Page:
I was running with the bulls when all of a sudden
I shouted out, “This is bullshit!” and turned to face
my assailants. With that, one of the bulls nearest to me,
responded, ‘What did I just hear you say?” And realizing
the peril of my situation I answered, “I said ‘this world
is run by bulls,’ animals who know how to take charge
and not feel guilty or remorseful when they trample over
someone who’s in their way!” With that the bull told me
to write my email address on one of his horns; that he
was a CEO and could use me in his company. He said
he’d be in touch soon and that he considered our meeting
to be prophetic. He then told me to exit through the door
on my left before they’d made another turn, because there
was sometimes killing, and at the very least, several who
got hurt and wound up spending considerable time recovering.
Thanking him, I did exactly as he suggested but realized
that I forgot to ask him which company he owned
and how he planned to use me.
WHAT I DISCOVERED
is that it’s the down time that really matters.
What we do between the seconds of joy and the waiting
for something to happen that turns out to be a dream
in which the spider sucks the juice out of the fly
like the proverbial milkshake we used to enjoy
before our favorite hamburger joint went out of business.
What else I discovered is that my 7th grade Spanish teacher
put all the pretty girls in the front of the class
so he could look under their dresses, laugh with them,
and teach them the good stuff like Te quiero
and Tu casa es mi casa while us boys sat in the back
imagining violent birds flying through the window
and pecking out our eyes for no other reason than they could.
And in the end I realized that each and every one of us
wants what we want for ourselves first,
that only if we’ve grown tired of what we have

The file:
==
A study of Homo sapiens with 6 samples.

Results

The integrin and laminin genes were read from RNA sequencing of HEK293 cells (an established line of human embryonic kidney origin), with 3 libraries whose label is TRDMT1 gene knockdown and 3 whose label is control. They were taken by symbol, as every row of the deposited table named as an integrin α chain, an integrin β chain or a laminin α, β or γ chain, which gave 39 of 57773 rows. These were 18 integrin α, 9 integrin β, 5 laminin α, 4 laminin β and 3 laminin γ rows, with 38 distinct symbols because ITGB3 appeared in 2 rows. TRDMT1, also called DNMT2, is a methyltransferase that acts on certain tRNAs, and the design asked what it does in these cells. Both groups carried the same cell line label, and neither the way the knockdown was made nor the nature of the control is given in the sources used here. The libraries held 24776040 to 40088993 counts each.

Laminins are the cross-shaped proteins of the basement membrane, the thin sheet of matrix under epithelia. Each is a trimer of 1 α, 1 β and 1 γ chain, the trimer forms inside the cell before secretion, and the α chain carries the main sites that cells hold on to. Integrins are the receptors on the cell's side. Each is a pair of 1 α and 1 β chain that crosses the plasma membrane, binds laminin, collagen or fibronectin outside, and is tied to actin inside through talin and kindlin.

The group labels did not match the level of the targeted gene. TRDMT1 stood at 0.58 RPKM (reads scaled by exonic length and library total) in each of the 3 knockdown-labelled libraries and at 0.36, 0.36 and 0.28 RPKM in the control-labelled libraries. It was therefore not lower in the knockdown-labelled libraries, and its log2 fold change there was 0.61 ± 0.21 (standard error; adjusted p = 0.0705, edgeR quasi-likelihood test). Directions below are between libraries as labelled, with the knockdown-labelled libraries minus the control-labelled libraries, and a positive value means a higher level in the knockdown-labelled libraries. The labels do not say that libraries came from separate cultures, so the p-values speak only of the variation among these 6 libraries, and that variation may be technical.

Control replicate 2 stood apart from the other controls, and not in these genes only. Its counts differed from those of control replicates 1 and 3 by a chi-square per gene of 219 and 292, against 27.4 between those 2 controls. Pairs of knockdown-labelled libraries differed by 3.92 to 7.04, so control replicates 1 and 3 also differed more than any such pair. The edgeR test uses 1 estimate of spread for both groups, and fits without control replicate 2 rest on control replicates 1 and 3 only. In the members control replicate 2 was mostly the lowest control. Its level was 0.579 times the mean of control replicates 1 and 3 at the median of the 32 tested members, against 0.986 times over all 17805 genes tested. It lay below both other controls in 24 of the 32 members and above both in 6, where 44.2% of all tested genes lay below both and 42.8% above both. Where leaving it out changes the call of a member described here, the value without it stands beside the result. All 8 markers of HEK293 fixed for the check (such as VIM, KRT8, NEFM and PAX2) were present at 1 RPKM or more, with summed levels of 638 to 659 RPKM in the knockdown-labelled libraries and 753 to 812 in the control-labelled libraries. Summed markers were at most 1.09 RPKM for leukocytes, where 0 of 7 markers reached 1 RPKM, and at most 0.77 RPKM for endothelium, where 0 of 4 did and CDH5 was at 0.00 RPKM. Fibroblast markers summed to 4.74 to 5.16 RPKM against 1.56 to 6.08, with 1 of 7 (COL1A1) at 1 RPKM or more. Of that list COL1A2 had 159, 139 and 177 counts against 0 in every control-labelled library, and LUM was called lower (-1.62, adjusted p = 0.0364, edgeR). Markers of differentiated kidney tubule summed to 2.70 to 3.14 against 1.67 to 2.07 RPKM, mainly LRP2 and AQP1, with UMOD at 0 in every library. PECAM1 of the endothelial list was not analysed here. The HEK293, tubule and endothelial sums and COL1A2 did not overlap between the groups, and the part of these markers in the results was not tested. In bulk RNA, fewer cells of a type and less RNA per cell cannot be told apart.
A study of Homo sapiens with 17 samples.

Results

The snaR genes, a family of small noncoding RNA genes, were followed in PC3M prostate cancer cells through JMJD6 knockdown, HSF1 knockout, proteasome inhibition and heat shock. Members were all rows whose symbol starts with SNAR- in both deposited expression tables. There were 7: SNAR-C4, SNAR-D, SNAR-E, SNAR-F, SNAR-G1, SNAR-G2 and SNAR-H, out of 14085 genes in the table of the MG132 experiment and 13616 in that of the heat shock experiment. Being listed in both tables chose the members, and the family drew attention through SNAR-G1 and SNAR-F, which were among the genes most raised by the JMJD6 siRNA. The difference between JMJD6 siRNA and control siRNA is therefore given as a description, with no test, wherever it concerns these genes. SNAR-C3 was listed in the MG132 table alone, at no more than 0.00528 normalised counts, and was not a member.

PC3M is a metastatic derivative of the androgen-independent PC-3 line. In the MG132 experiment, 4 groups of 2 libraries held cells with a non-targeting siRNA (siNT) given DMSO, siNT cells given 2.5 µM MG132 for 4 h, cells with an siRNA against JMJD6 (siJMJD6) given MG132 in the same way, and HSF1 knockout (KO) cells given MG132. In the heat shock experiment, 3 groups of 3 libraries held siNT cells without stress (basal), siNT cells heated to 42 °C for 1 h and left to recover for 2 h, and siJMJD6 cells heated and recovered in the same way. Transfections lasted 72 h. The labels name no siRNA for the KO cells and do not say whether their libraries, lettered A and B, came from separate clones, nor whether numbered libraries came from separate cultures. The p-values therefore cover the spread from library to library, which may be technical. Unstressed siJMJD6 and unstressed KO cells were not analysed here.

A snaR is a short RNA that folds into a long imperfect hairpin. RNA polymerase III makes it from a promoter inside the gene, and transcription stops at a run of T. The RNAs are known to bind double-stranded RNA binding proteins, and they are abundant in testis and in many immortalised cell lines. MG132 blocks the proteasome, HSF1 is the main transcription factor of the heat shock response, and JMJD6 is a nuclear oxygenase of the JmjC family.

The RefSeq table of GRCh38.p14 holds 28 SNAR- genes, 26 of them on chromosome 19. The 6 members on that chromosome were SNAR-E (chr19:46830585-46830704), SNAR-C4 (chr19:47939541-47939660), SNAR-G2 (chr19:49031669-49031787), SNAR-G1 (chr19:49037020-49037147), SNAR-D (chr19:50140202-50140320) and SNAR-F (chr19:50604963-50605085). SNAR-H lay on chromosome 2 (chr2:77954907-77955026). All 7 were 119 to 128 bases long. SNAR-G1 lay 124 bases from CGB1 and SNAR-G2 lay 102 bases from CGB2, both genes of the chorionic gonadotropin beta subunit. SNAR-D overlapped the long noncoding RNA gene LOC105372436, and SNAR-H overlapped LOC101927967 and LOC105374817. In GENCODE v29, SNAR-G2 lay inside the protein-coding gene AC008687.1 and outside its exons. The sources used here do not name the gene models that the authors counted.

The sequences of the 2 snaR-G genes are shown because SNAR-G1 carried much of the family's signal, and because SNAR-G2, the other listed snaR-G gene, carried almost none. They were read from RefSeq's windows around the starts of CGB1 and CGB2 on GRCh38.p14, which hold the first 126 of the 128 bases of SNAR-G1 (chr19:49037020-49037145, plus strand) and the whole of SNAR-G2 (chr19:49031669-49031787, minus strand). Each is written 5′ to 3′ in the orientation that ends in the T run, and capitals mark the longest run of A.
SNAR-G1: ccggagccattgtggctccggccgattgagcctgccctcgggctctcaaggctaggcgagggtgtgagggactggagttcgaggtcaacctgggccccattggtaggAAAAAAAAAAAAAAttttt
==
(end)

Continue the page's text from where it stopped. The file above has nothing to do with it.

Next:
are we willing to share with the person who fell by the wayside,
who can hardly lift themselves up to take another breath
between the fumes in the air
and the putrid smell of excrement on the water.
It’s all a discovery that leaves most of us speechless,
wondering why we continue to live in such a condition,
which is always conditional
on the day, the time, and century in which we live. . .
After Little Red and I were married we bought a cottage
near her Grandma so that we could keep an eye on her.
At first, we visited Grandma every day, but as Red and
I got busier and busier we were only able to stop by once
or twice per week.
Knowing how vulnerable Grandma was to wolves in the area,
we bought her an alarm system that sounded at our house
if there was trouble.
Everything was fine for a few months until one night
the alarm went off at about 3 a.m. and Red and I rushed
to Grandma’s house as fast as we could.
When we opened Grandma’s bedroom door we saw that she
was half way down a wolf’s throat.
Immediately, I picked up a chair and slammed it against the wolf’s
back which made him cough up Grandma, who understandably
was shaken and confused.
And before I had a chance to slam the chair over the wolf’s head,
he fled through the open window.
After this incident Red decided that Grandma should live with us,
which turned out O.K. because most of the time she was never
in our way.
Eventually we sold Grandma’s house to a nice family of bears
who soon became our friends and trusted neighbors.
Everything was fine until three depraved little pigs and their
sociopathic mother moved into the neighborhood.
From there, things went from bad to worse, the specifics of which
I’ll save for another story. . .
Jeffrey Zable is a teacher and conga drummer who plays Afro Cuban Folkloric music for dance classes and Rumbas around the San Francisco Bay Area. His poetry, fiction, and non-fiction have appeared in hundreds of literary magazines and anthologies. Recent writing in MockingHeart Review, Colloquial, Ordinary Madness, Third Wednesday, After The Pause, Tower Journal, Fear of Monkeys, Brickplight, Tigershark, Corvus, and many others. In 2017 he was nominated for both The Best of the Net and the Pushcart Prize.